I want to first say I may be somewhat prejudiced on this particular topic. I entered the United States Air Force in November 1968, in the height of the Vietnam conflict. I remained on active duty and retired in 1989. I was no different from any other citizens during these 21 years of service. There were highs, lows and some really mundane duties; however, in retrospect, neither I nor my wife would trade those years for anything else. I still feel honored to have served.
As a serviceman I learned that on the 11th hour of the 11th day of the 11th month of 1918 an armistice between Germany and the Allied nations came into effect. On November 11, 1919, Armistice Day was commemorated for the first time. President Wilson proclaimed the day should be “filled with solemn pride…and with gratitude for the victory”.
In 1938 Congress enacted a bill identifying November 11 as Armistice Day. In 1954, following World War II and the Korean conflict Congress renamed Armistice Day to Veterans Day. Several countries still celebrate Armistice Day in the Month of November.
In Britain, it is tradition to pause for a two minute silence at 11am on November 11 to remember those killed in the two world wars and the British servicemen killed or injured since 1945. While living in England, I participated in several Armistice Day ceremonies. They were mostly conducted in the village chapel beginning with two-minutes of silence at 11 am, followed by a prayerful and reverent ceremony. Everyone wore small hand-made poppies. A war poem, In Flanders Field, refer to poppies flying over graves of fallen soldiers on churned up battlefields. Moved by this poem a campaign was started to sell hand-made poppies in an effort to raise money for injured servicemen. These poppies were looked upon as a living tribute to the fallen soldiers. The American Legion brought this campaign to the United States, and today these poppies can be purchased here in the United States outside many large department stores just before Veterans Day.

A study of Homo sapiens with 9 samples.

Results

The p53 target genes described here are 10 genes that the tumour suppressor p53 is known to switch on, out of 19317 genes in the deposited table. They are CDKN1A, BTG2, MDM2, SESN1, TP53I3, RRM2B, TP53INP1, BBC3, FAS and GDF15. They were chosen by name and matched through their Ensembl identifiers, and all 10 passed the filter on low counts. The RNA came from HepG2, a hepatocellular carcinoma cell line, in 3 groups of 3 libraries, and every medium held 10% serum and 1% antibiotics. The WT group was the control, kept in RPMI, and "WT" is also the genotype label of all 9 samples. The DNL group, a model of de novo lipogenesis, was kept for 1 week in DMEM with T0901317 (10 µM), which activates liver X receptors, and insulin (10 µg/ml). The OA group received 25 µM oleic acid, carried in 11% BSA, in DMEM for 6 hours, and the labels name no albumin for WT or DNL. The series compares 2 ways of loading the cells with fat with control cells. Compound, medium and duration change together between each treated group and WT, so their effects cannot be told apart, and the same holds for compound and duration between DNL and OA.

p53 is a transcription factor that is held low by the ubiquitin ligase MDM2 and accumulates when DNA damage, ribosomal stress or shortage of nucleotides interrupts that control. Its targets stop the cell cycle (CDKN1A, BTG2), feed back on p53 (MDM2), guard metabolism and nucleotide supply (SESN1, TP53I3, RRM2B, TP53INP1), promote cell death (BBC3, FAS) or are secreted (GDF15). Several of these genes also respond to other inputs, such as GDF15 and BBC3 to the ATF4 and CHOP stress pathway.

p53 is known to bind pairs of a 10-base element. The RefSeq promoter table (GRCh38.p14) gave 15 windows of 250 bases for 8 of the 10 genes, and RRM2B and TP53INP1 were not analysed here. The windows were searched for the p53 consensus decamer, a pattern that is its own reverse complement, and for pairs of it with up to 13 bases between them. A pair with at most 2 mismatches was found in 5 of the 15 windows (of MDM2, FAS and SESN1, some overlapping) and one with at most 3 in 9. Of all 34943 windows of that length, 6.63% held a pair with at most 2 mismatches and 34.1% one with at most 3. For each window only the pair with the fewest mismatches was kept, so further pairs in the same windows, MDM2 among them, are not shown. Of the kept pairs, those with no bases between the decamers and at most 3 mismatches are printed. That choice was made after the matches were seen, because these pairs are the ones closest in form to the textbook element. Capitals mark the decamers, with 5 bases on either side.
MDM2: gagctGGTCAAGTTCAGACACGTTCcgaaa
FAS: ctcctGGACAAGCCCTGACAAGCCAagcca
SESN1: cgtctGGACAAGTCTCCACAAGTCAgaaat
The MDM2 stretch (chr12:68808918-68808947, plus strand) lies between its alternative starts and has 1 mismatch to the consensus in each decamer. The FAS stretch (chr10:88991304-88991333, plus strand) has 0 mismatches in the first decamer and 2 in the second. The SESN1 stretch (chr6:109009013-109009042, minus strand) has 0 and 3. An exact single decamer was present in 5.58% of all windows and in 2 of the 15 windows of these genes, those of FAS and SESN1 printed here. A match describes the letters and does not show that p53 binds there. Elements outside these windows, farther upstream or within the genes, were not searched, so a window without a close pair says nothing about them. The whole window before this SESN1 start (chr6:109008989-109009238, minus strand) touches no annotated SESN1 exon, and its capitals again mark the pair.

In November 2011 my wife and I took a vacation to Hawaii. On Veterans Day we visited the U.S.S Missouri, before heading out to Pearl Harbor to visit the U.S.S. Arizona. The Memorial Park arranged for 4 U.S.S. Arizona survivors to visit and talk with the visitors. This particular day we visited the battle area that brought the United States into a war with Japan and then on the Missouri we visited the deck where Japan surrendered. What can I say, to a veteran this was a moving experience that will last a lifetime.
So what does Veterans Day mean to you? I can proudly say that I look at Veterans Day with honor to have served and reflect on the many people who served before me, with me and after me, to bring about a better world. While Memorial Day is the period where we honor the soldiers, sailors and airmen who have given the ultimate sacrifice, Veterans Day is to honor all people who have served, living and dead.
I have been thanked by many people for my service and I truly mean it when I say, “I was honored and privileged to serve.” I would do it again if I could.
So, this November when you see the American Legion outside Walmart or Sam’s Club give a contribution, accept the poppy and wear it proudly. Remember, the freedoms we espouse daily are a result of our veteran’s sacrifice.
Psalm 23:4 Even though I walk through the valley of the shadow of death, I will fear no evil, for You are with me; Your rod and Your staff, they comfort me.